Is there anything special that I must consider?
There have been reported difficulties with some of the Western Digital drives, the ones with their own built-in software (forget the model now, though), but aside from that, you should have no worries.
I've got several Firewire and USB hard drive enclosures with my old laptop drives in them, and have never had an issue. I've also used lots of others from different manufacturers, and all have worked without a problem, and that goes for flash drives too.
If you're using Lancelot (under KDE4 in 11.2...you've got the same distro I'm using...), you can click Computer, and on the right hand pane, you should see the drives you've got available. Plug in your new drive, and it should 'appear'...right click, then click MOUNT. You're ready to go.
On a related topic...that may work with your Novatel on your other thread.
Here's a review on an installed OpenSUSE 11.1 to a Maxtor external hard drive http://wifi-fanatux.ning.com/profile...w-opensuse-111. You can go to a link to download a GRUB iso to burn to CD to load your distro from the USB drive http://www.keepandshare.com/doc/view...d=1596179&da=y. When you do install OpenSUSE to the external drive, do not switch the disk order. The installer gets them in the right order.
You can also change the BIOS order to boot from the USB. If you leave a flash drive in the USB drive, it will also be included as one of the drives detected by the BIOS, and could change the drive number (as well as detecting them in a different order each time you boot). OpenSUSE uses UUID numbers to assign, but GRUB will use the sda/hda labelling.
Google "gparted partitioning multiple operating systems", and you will find tons of tutorials in just about every configuration you could dream of. Your simply Mepis CD should have Gparted (drive partitioner), and the tutorials will show you how.
BTW, the WD drive mentioned is the Darkstar (aka. "Deathstar")
Your post "Best USB external hard drive for linux"
will generate interest from forum members trying to help you with finding the best USB hard drive for Linux.
Your next to last post asks "I would like the linux installation on my laptop to be gone - how do I accomplish this?"
would be best served by creating a new post so that forum members can try to assist you in achieving this goal. It is also helpful for other linux users interested in removing a linux from their internal hard drives to be able to browse posts related to this so as to not be burdoned with reading every post on this thread when performing a search for this particular task.
Just reply back to this post if you need more help on the install to USB. I keep the post subscribed in my LQ, so I usually read those posts first. Just remember to read the bootloader section in the OpenSUSE review and don't load GRUB to the MBR, load it to the root partition that you are installing to.
I like the USB installs so that I can plug the distro into any computer that it can detect the video card for. That's why I created the GRUB CD.... I don't have to change the BIOS order on a friend's computer. There's also a neat hack to run sax2 with OpenSUSE during boot if I need to write over the xorg config file when booting into another computer. But not sure if that's what you're interested in. Remember that it runs a bit slower than on your internal drive and will be determined by the transfer speed of the external drive. But of course it's much faster than a live dvd/cd.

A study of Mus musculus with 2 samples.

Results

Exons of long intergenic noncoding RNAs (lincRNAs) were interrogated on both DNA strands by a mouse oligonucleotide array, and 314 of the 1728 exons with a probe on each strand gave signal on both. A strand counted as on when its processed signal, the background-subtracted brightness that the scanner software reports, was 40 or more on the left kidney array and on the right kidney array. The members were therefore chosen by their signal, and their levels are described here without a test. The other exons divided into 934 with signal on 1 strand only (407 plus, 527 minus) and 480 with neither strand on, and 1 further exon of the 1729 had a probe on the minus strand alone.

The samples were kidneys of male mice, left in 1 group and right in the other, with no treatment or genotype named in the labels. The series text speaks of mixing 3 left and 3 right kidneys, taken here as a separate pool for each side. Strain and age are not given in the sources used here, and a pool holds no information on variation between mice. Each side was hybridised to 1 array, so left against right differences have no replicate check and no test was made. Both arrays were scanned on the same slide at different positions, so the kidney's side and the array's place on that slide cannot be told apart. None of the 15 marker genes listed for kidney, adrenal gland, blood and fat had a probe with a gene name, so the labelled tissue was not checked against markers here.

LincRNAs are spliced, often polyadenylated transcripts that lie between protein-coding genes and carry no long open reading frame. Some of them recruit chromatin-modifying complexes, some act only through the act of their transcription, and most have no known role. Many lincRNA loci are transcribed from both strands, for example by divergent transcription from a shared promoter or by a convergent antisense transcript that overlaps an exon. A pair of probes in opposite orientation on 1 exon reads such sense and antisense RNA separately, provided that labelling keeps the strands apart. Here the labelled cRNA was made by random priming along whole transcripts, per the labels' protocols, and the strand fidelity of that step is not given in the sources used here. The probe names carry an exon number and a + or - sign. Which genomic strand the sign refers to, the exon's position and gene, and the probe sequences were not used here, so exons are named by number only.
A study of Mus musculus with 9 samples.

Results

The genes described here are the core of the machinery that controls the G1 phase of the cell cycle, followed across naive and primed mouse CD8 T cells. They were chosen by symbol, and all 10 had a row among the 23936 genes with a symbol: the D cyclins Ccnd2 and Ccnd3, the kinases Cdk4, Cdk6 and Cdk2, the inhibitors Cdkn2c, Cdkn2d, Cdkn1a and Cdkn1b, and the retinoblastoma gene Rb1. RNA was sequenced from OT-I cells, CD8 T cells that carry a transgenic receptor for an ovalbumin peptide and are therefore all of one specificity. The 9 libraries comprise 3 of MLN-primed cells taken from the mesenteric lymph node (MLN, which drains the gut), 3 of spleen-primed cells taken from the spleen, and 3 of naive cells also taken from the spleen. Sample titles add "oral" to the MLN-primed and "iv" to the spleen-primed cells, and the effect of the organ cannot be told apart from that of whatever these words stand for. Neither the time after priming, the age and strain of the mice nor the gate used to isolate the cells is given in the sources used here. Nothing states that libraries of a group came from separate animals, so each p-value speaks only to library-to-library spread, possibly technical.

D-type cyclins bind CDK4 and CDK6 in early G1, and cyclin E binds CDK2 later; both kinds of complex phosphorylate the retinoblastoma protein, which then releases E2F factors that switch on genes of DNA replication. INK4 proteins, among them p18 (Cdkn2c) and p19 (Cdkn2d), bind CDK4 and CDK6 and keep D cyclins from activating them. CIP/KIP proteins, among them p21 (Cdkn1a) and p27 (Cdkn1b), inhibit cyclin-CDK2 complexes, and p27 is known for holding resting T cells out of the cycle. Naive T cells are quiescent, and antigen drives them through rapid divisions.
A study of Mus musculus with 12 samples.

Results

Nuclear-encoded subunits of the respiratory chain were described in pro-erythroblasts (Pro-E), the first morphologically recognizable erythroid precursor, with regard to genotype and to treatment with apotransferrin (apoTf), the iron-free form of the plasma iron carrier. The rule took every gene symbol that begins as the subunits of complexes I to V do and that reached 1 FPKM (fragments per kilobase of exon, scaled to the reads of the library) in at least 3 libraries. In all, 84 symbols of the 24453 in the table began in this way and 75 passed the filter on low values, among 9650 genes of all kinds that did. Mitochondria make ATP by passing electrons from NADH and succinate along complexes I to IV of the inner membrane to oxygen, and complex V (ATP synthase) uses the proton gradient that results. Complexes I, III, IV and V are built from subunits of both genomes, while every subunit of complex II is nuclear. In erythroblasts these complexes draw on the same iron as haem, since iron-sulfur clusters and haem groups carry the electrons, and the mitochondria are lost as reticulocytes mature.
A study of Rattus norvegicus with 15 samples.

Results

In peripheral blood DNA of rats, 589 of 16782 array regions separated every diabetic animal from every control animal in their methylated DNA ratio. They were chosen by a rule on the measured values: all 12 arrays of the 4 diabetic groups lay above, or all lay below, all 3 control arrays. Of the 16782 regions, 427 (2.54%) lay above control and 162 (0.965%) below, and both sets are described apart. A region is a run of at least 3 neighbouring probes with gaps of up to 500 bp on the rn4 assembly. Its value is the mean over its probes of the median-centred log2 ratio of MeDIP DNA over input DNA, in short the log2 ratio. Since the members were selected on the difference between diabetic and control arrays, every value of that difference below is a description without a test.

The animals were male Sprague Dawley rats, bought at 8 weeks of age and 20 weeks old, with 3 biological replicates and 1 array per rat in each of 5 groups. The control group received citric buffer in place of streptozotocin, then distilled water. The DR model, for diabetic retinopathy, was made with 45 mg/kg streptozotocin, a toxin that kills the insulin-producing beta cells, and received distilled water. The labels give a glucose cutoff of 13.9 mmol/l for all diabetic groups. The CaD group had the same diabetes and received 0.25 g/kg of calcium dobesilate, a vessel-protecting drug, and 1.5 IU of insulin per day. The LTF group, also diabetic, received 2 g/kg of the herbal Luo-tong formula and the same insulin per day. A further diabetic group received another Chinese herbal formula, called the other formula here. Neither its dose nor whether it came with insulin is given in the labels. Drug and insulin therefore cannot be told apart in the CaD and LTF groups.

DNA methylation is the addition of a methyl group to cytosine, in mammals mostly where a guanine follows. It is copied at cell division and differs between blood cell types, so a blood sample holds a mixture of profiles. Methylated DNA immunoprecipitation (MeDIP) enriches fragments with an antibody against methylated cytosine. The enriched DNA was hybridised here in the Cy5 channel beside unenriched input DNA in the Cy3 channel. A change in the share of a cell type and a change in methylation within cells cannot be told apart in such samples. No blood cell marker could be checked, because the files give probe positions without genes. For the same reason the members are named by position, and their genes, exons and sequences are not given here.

I have not been able to remove SUSE 11.2 from my hard disk, I hope this will not be a problem as I move forward...
I have a Gparted iso CD but do not know what I am suppose to do with it. I booted my PC with it 'to have a look see' and I saw: Linux - USB Drive
Windows/Linux (sda1 - Internal drive)
Linux (sda2 Internal drive)
I 'selected' the USB drive and got the error msg 21. I ALT CTRL DELETED and got the hell out of there!
I printed and read the review you did - a lot of it is over my head, for now.
I printed and read the SUSE 11.1 installation guide from OpenSuse.
I feel like just shoving the SUSE 11.2 Gnome CD into the drive and 'going for it'!
I won't do it because I find that 'getting rid' of linux after it is installed is almost impossible.
Update on the Western Digital 'My Passport Essential' 320GB USB external drive.
I was unable to get SUSE 11.2 or Mepis 8.0 to partition and install until I formatted it from XP. Once I did that, the Mepis install program worked perfectly - like I would know By install I mean that it created all the folders etc on the external disk. I could not get it to launch Mepis but, that's another story.(and thread).
For some reason, the SUSE 11.2 would no longer function, ie, it would not boot. (into the 'use / install' mode)
That's is my experience, so far, with this external drive.
You can use the Mepis live CD and open Gparted from the menu.
You then click the button at the top right of the Gparted GUI to access the external USB drive.
If you want to use the entire USB drive for the SUSE install, you need to highlight each partition and click the garbage can icon to delete that partition. Then apply.
With a clean hard drive, you add new partitions, again a google search as recommended above will more than likely show screenshots of the process as well as recomendations for sizes and types of partitions to create.
With a drive the size of 320 GB, you can use it all, or save a portion for othe distros you might try later....perhaps:
sdb1 25GB (25000 mb) filetype: ext3 (to use as /)
sdb2 25GB (25000 mb) filetype: ntsb (to use to share files with widows)
sdb3 External Partition
sdb5 50GB (50000 mb) filetype: ext3 (to use as /home)
sdb6 50GB (50000 mb) filetype: ext3 (to use as backup storage)
I like having a separate home in case I want to upgrade, and like it pretty large for using virtual box which needs a large amount of space if you want to test distros in a virtual machine.